Taylor Shold: Tell us a little about yourself, who are you and what do you do?
Matthew Henriques: I first studied Communications at Carleton University, and transferred to York University the year after. I haven’t looked back. I’ve built a professional network in the media industry in person and on Twitter, while building my YouTube channel to over 500 subscribers. My focus is on advanced statistics in hockey, while using terms such as shot attempts instead of exclusionary terms like Corsi and Fenwick.
Taylor: What made you want to get into media?
Matthew: I’ve wanted to be a hockey analyst since I was 13 years old (I realized that I couldn’t make it to the NHL by then). As I’ve immersed myself into hockey podcasts throughout my university career, I’ve learned how I want to present myself. Just like Steve Dangle and Phillip DeFranco, jump cuts are perfect for transitions and making my videos smooth. My goal is to provide insightful statistical analysis to hockey fans, similar to Dimitri Filipovic and Andrew Berkshire, but in video form!
Matthew: I started my blog Canadia Hockey in my first year, which I continued with in my second year at York. With my passion for broadcasting, I’ve been working on my YouTube channel since the spring of 2015, which focuses on an advanced statistics analysis. I’ve built my YouTube channel to over 500 subscribers while balancing my studies. I know that I’m just starting with the growth of my YouTube channel, but since my second year, I’ve focused on networking to really get my name out. Adam Wylde of Kiss 92.5 gave a shoutout to the video on the Steve Dangle Podcast, while Chris Johnston retweeted my Leafs’ season preview in October. I know that focusing on creating connections is important, and including multiple voices is really important for good content, which is why I had podcast-form NHL expansion preview videos of each team in June with 22 (SB Nation and Nation Network) writers from their respective hockey markets. So with these interactions, I’ve built up a steady following on Twitter and YouTube and creating content that is different from popular beliefs.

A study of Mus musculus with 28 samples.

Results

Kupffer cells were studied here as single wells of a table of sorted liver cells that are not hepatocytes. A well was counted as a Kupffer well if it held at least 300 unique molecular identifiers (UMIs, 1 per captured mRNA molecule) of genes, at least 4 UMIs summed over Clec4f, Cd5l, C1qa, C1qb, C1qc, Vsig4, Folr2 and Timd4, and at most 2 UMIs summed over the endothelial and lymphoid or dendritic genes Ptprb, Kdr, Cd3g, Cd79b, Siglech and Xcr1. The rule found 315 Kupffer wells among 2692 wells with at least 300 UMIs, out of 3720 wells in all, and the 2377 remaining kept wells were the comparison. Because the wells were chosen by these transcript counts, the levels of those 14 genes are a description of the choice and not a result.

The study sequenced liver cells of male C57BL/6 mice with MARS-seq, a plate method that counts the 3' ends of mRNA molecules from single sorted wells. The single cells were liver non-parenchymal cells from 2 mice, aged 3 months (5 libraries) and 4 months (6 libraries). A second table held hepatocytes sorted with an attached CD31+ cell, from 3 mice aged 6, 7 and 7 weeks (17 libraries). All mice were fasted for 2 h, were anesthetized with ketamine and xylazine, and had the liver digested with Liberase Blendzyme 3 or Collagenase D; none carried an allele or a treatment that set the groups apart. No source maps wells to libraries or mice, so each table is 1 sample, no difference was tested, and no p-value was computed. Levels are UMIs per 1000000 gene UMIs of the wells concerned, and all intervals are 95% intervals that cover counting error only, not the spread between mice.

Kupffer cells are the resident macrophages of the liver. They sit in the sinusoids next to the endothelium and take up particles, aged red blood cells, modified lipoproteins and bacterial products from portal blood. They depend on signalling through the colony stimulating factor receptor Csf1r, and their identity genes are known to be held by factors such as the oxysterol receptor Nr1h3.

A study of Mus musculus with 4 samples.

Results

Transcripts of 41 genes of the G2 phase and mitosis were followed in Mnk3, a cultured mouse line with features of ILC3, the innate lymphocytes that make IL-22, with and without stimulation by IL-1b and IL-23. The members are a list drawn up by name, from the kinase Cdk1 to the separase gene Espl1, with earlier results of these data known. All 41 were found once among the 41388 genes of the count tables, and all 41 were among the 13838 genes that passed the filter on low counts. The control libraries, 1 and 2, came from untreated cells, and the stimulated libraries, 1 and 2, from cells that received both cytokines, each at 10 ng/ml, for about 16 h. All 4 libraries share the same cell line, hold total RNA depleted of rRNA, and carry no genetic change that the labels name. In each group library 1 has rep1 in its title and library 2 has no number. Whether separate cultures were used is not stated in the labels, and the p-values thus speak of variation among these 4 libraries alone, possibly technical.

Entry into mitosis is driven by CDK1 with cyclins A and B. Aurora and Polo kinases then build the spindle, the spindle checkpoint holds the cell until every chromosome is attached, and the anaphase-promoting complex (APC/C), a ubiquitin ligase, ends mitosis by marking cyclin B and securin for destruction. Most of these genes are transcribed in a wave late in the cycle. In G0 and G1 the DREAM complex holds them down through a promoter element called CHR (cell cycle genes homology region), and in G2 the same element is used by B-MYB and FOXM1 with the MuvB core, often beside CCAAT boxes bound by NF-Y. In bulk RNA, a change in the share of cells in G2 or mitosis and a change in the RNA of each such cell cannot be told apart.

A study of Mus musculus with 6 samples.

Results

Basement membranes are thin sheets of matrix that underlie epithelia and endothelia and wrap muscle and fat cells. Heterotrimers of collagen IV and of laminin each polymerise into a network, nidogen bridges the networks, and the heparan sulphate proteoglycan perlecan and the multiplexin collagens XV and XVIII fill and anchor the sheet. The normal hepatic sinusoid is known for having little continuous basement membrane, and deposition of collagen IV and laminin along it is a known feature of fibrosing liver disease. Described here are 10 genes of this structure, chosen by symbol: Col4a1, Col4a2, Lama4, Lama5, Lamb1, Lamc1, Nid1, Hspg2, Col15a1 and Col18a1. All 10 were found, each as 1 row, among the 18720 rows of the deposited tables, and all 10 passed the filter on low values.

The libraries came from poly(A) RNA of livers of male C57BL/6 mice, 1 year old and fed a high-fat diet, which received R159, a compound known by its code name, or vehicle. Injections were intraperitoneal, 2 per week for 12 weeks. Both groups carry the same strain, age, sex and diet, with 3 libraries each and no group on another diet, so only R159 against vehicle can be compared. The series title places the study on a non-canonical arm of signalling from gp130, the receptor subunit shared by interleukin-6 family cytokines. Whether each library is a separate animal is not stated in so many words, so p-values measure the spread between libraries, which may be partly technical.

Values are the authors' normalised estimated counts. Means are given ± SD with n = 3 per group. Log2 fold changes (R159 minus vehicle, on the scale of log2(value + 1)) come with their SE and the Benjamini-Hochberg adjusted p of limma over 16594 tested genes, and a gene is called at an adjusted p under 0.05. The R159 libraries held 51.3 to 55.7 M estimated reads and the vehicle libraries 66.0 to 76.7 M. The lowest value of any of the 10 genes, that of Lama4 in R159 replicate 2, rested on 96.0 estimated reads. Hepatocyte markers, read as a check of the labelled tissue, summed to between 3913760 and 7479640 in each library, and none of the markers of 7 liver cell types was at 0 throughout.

Taylor: What type of content do you get the most reaction from your viewers on?
Matthew: The “Nashville Predators Chants/Taunts at Bridgestone Arena” video was my semi-viral video with just over 55,000 views. I think that virality subjective, but I also believe good content prompts success. For hockey specifically, the most intriguing stories will get the most success. I have just three videos with over 5000 views, and 13 videos with at least 1000 views. I’ve recognized that being the first to a popular topic will get a lot of views, but my focus is to have good content that educates fans. That’s how I like to differentiate myself from current hockey personalities. I research players before saying one is better than the other. For example, with the Matt Duchene trade two weeks ago, I researched whether the popular ideology that Turris is better than Duchene is actually true. That video received over 2000 views, so knowing that a video about analytics in hockey could get so many views means a lot to me, especially when I look at the success of a new startup like The Athletic, which focuses on good analysis.
Taylor: Who are some of the people in the media who you look up to or influence you?
Matthew: I look at a lot of hockey analysts who use analytics to back up their analysis. Bob McKenzie and Elliotte Friedman are very smart; they have so many connections and don’t let their biases back their analysis when on their panel. I have to owe a lot of my research into hockey analytics thanks to Steve Dangle and his podcast. He mentioned the Vox Leafs fan site Pension Plan Puppets and the Marek vs Wyshynski podcast, and it all branched out from there. Jeff Marek kept on beating the drum of listening to Dimitri Filipovic’s podcast, the Hockey PDOcast, and I really found my way into advanced statistics in hockey ever since.
Matthew: It’s weird that I’m asked to give advice, so here’s what my thinking. Create every opportunity you can. Create content. Find your niche, whether it’s sports, fashion, fitness, or the news. I have a passion for broadcasting in hockey, but I started a blog, then moved on to YouTube. I’m slowly growing my channel, but staying consistent and persistent is incredibly important. Get involved at school. Introduce yourself to people who you look up to, whether it’s in person, on LinkedIn, Twitter, Instagram, or Facebook. Taylor Shold is a good start.